Imitation chrysanthemums
in 1940s wartime Britain


imitation chrysanthemums made from wood shavings

Gypsy chrysanthemums, common in 1940s Britain.

In early 1940s wartime Britain, every scrap of land went into food production and people's back gardens were largely cleared of flowering plants in order to grow vegetables. So vases of cut flowers were rare.

There were of course imitation flowers from before the war, made from wax or silk, but few families had ever had any and fewer still had kept them.

One solution was the live greenery of carrot top houseplants. For colour, though, it was gypsies who came to the rescue with their imitation chrysanthemums.


Gypsies were adapt at woodland crafts. They made all sorts of things from wood and plants that grew in the countryside, which were of course free for the taking. Their gypsy clothes pegs are well known, and were the only type of clothes peg that I remember from my 1940s childhood. Gypsies' abilities to produce imitation chrysanthemums is less well-known.


Gypsies made their chrysanthemums from wood shavings, dye and wooden sticks. To my young eyes, the results looked very effective.

Gypsy chrysanthemums being made

Gypsy chrysanthemums being made, showing the wood shavings and the solid holding base.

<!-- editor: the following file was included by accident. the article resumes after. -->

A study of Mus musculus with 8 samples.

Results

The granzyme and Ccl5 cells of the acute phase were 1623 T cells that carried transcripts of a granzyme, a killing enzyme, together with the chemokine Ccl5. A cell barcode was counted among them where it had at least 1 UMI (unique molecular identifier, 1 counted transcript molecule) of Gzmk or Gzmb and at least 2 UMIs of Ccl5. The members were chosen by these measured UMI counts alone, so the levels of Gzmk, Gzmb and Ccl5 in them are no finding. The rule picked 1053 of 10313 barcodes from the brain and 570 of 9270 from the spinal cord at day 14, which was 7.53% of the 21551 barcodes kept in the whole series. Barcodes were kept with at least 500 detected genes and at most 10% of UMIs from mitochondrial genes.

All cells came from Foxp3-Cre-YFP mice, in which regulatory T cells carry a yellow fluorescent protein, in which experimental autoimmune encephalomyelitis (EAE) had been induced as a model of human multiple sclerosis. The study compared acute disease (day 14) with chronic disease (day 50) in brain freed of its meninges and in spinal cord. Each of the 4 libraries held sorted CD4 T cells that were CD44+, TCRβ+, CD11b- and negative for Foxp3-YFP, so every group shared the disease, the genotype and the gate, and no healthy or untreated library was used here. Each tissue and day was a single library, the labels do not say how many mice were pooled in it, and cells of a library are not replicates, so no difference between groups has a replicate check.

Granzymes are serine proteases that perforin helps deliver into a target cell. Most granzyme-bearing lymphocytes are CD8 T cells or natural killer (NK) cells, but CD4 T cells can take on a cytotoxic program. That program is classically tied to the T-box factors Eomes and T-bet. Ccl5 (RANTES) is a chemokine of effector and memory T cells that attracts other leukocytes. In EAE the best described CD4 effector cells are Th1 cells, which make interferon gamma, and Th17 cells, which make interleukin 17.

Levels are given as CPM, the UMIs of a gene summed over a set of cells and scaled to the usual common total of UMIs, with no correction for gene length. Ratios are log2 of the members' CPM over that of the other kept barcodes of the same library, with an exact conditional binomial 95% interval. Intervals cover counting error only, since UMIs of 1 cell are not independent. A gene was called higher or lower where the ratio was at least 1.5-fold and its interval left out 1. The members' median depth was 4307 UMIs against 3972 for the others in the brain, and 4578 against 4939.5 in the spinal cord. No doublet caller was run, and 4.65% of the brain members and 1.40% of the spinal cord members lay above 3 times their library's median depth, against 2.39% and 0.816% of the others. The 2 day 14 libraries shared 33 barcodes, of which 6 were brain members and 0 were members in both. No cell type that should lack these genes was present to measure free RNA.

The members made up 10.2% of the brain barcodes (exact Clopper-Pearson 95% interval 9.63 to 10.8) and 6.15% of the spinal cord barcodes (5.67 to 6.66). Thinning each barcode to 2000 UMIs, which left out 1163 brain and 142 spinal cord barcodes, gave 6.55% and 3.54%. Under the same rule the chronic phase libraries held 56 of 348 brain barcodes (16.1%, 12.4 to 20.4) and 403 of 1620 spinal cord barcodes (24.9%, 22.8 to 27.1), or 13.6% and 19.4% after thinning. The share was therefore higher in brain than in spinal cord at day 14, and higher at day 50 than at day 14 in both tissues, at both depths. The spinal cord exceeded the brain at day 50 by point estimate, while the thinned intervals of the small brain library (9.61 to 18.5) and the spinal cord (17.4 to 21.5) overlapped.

The starting point was a stick of wood shaved into a cylinder about three inches long and half to three quarters of an inch wide. Then slivers were shaved off towards one end. The photo shows the idea.

The wood had to be fresh, so that the slivers would automatically curl as they were shaved off, and they had to be more or less the same width and length. Care had to be taken that they stopped just short of the base of the cylinder so keeping the end as a solid holding block. This was more easily said than done. The gypsies were craftsmen.

A hole was bored into the base to take the stick that would act as the stem.

Then the blocks of shavings had to be dyed. In the top photo, the imitation chrysanthemums are more brashly coloured than those that I knew as a child in wartime 1940s. (I took the photo at an event where enthusiasts were demonstrating old crafts.) The colours of the gypsies' chrysanthemums were much more natural-looking. Their dyes were probably plant based.


The gypsies would come round the streets, knocking on doors to sell their woodland crafts including their imitation chrysanthemums.

If you can add anything to this page or provide a photo, I would be pleased to hear from you.

Pat Cryer, webmaster

I was told that the gypsies were not averse to putting a foot in a door to prevent the housewife from shutting them out, but I don't remember this happening to my mother. I do remember though that the gypsies tried to sell sprigs of heather "for luck" and that women were afraid of them and tended to buy what they didn't want so that the gypsies would go away.

My mother always bought pegs and imitation chrysanthemums from the gypsies. I well remember vases of gypsy chrysanthemums around the house.